PRAISE FOR AN UNCOMMON ACCORD
The four splendid and drastically individuated poets included in An Uncommon Accord manage, paradoxically enough, to create a harmony and a conversation among one another worthy of the great string quartets. The tensions between them are not violent but musical. They energize and transform the unique experience of each poem and poet; they give a permanent glow to the beautiful local civilization that is this book.
Michael Carman is a poet of impeccable eye and ear; the diamond-cutter line, the pulse-quickening cadence. I admire this collection’s commanding technique how the adjective “lace-up” repeated over a stanza break ratchets up tension, and in a breath conveys the contingency of immigration . . . These meticulously honed poems are informed by an integrating, visionary humanity.
In GEORGE KRAUS’s poems we find ourselves in the realm of creation and destruction seemingly at once. It is on this fine line that Kraus so deftly balances.
MARCIA ARRIETA’s work is all about serious play. A yearning for larger, more formalized bodies of knowledge is met by the drive to notice, to see fully on an intimate, human scale.
In Draglines, each of PAT LANDRETH KELLER’s poems function as a “dragline,” working to pull meaning from the past. Her signature “story-made-myth” combines key elements of any good tale: desire and trespass.
. . . that line between one environment and another, is a place of richness for MICHAEL CARMAN. Studies of generations allow for deeper explorations of this state where opposites . . . live in a kind of earthly harmony.
One of the great pleasures of An Uncommon Accord is the way in which distinctly different aesthetics engage in conversation about essential issues . . . without constraints of subject or approach, poems do and will speak across time and temperament.
from the Foreword
MEET AN UNCOMMON ACCORD AUTHORS
Marcia Arrieta is a high school English teacher and editor/publisher of the poetry journal, Indefinite Space. Her work has appeared in many journals including Otoliths, 13th Moon, Osiris, Blueprint Review, and her chapbook, experimental:, was published by Potes and Poets Press. She has an MFA from Vermont College. Arrieta lives on the canyon in Pasadena, CA and often escapes into philosophy, nature, music and art.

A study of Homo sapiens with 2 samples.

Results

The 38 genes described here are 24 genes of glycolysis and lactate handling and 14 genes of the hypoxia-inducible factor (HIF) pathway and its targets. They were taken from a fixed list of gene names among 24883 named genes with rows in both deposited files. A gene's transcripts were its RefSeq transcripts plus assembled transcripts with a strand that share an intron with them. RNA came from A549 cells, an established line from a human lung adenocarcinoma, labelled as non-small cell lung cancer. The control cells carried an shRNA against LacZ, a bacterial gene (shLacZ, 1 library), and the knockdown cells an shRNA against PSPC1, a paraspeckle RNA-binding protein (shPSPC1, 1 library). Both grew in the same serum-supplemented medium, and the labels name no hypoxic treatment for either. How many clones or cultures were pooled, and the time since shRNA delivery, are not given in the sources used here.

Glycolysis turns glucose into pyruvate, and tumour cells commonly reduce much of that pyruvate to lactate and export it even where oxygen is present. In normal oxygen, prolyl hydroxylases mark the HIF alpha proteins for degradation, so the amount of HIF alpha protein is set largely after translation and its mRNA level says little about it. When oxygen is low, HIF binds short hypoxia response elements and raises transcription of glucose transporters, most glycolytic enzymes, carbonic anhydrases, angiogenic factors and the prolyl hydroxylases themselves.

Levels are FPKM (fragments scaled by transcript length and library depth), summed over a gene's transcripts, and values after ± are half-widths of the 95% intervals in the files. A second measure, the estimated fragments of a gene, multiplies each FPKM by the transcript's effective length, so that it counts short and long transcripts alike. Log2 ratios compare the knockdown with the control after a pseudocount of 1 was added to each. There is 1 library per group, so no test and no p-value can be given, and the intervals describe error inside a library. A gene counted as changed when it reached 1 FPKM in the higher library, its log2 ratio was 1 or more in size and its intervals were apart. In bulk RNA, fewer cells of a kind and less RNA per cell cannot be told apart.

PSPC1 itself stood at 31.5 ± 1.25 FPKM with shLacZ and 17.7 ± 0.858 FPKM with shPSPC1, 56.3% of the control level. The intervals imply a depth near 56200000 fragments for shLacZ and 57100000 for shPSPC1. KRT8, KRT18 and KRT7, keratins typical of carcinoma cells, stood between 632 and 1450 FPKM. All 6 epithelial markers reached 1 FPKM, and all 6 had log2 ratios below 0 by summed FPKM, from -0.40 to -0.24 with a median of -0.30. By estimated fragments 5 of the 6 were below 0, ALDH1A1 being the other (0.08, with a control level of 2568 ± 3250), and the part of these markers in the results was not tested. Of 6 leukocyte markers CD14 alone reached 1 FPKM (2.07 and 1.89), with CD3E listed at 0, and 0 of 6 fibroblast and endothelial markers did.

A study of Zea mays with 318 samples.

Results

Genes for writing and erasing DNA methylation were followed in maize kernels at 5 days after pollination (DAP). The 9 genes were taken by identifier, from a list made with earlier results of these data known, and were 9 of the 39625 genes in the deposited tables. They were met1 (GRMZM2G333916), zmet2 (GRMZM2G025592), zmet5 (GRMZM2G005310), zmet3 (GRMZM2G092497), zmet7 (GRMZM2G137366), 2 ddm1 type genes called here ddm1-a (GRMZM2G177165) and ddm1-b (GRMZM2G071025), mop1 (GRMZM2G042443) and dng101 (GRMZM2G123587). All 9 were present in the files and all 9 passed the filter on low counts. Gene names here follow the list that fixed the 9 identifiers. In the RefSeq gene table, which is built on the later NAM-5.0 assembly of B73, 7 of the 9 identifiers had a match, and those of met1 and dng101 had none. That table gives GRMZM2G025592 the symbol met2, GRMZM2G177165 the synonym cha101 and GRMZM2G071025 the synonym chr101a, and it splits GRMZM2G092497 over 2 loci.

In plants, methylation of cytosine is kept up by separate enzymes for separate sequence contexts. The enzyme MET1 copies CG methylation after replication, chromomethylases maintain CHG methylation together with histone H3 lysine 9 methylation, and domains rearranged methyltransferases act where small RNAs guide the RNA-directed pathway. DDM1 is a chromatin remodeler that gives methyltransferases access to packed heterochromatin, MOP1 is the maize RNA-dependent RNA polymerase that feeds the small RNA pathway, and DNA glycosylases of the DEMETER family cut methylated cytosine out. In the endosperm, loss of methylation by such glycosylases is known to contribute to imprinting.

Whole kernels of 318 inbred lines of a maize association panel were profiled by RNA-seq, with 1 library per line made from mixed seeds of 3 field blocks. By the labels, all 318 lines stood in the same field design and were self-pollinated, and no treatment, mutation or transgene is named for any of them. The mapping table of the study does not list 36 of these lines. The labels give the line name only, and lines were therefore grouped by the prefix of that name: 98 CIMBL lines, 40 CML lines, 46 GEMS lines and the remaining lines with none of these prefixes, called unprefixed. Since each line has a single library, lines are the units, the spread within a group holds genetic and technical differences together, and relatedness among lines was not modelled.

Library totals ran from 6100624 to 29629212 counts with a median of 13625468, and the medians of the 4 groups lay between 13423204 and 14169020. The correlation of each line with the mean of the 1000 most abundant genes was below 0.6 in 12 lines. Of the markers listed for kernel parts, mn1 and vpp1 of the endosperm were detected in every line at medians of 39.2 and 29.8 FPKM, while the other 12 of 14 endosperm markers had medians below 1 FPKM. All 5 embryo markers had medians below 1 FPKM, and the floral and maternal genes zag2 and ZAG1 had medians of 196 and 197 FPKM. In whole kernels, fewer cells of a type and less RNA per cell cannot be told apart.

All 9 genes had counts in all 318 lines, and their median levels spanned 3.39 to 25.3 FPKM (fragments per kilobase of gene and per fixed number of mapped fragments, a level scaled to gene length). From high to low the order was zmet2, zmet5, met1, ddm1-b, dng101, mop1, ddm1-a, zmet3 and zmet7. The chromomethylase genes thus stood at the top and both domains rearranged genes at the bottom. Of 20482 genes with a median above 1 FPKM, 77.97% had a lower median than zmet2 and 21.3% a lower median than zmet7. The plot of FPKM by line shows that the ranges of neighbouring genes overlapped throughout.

Michael Carman‘s poems have appeared in Rattapallax, The Same, Lumina, en(compass), and other journals. She was a finalist for the 2007 Codhill Press Poetry Chapbook Award. She holds a BA from Columbia University and an MFA from Sarah Lawrence College. Carman has taught poetry at Sing Sing Prison and in programs sponsored by Poets & Writers in New York City. She teaches writing at FIT/SUNY in Manhattan.
Pat Landreth Keller is a freelance writer of nonfiction and poetry who lives in Middle Georgia. She has received a Georgia Council for the Arts Individual Artist Award in poetry, and has published in a number of magazines. She is completing a novel and writing a pictorial and social history of Middle Georgia folk pottery. She also works with museums, educational institutions, and individuals in preserving and promoting the material culture of the South.
George Kraus holds a PhD in Hispanic and Luso-Brazilian Literatures and Languages from the Graduate Center, City University of New York. He has worked as translator and scholar. His most recent scholarly work was presented at an annual meeting of the Renaissance Society of America. Kraus currently divides his time between Rio de Janeiro and Tarrytown, NY where he continues to write poetry and prose.